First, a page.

Decorating Smaller Spaces

As smaller homes gain popularity, whether it is a condo, a rental, or a much smaller house, many people struggle with how to transition their furnishings from a large house to the new space. There is the consideration of smaller rooms as well as fewer rooms. Some creativity and planning is beneficial in order to achieve the highest level of functionality and comfort.

Start by identifying what functions are still important to you. Do you need that extra bedroom, for example? Chances are the games room and bar area will have to go. Is the office space still critical or will the laptop suffice?

Consider pairing up functions, such as an office or den which becomes a guest room when needed. Pull out sofas and wall beds are a great option for this scenario when there is limited floor space.

Create a room design for the main living area and for the main bedroom, considering all the functions they will fulfill and the traffic flow through the rooms. If there are specific pieces you definitely want to bring with you, fit these into your design. New purchases may be worth the investment, such as a small sectional instead of a couch and love seat which will take up less space yet offer more seating.

Set up your rooms for the everyday functions you need, rather than the occasional events such as having the whole family over. There is likely not the space for a dining room or living room which seats the whole extended family. Many condo buildings offer a guest suite which can be rented when you have overnight guests.

Consider a colour and style scheme which flows throughout the whole home. Not only will this increase the flow and feeling of spaciousness, it will make it easy to bring in a chair or table from another room when needed for a guest, and still look great.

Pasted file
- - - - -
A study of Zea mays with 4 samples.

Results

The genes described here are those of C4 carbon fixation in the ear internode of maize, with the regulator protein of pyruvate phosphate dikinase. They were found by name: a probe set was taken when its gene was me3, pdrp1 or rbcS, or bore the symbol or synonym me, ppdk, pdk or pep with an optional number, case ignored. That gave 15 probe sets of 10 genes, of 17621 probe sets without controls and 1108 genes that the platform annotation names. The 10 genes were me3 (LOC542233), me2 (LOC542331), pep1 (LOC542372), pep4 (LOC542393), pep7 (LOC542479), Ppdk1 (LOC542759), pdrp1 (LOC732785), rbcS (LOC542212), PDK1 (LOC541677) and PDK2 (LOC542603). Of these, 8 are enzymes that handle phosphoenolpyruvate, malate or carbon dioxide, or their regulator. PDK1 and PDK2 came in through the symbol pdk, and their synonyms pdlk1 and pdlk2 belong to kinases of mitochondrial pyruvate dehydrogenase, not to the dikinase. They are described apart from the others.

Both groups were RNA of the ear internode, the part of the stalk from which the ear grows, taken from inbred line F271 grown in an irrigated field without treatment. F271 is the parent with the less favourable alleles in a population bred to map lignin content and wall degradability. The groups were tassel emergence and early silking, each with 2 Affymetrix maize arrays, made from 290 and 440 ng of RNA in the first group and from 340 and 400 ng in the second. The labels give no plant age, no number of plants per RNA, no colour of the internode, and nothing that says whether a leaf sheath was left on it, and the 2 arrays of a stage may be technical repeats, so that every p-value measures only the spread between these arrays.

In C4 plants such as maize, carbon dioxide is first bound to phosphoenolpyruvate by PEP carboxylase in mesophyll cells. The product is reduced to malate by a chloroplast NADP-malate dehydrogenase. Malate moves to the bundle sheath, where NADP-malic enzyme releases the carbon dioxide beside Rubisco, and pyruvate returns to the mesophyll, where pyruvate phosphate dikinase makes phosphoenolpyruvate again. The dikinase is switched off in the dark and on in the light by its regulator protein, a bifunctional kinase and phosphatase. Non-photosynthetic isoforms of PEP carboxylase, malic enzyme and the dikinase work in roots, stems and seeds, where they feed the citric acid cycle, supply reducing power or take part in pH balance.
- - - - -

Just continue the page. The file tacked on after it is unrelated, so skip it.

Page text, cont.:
Usually in smaller spaces it is better to place fewer pieces than to use smaller pieces. Be careful of small scale furniture which lends a doll-house feel. There is, however, a good selection of condo-sized furniture available today which is very appropriate for smaller spaces.  Carry a measuring tape and your desired measurements with you when shopping because everything seems smaller than it is in the big furniture stores.

Use colours and materials effectively to maximize space. Light colours tend to feel farther away and can make an item feel lighter or a room feel larger. Using fewer accessories, solid fabrics and subtle patterns can have the same effect. Glass top tables add to spaciousness as does uncovered glass at the windows. The interest and coziness we get from darker colours and busy patterns may be desired, but too much of these in a small space can overpower and diminish the room.

When buying new pieces, think practicality as well as beauty. Choosing an entry table? One with drawers to hold gloves and scarves may help free up your entry closet space. Looking for a side board for your dining area? One that holds your files as well may be really helpful while you use your dining table as a desk.  Or one that opens into a bar may be just the thing for entertaining. Side pieces have been developed for transitional usage, such as a coffee table which turns into a dining table.

Quite often storage can be a challenge. Purge what you can, identify what you will want to stash and in what containers, then install the appropriate shelving or cupboards in closets and storage rooms to maximize the capacity.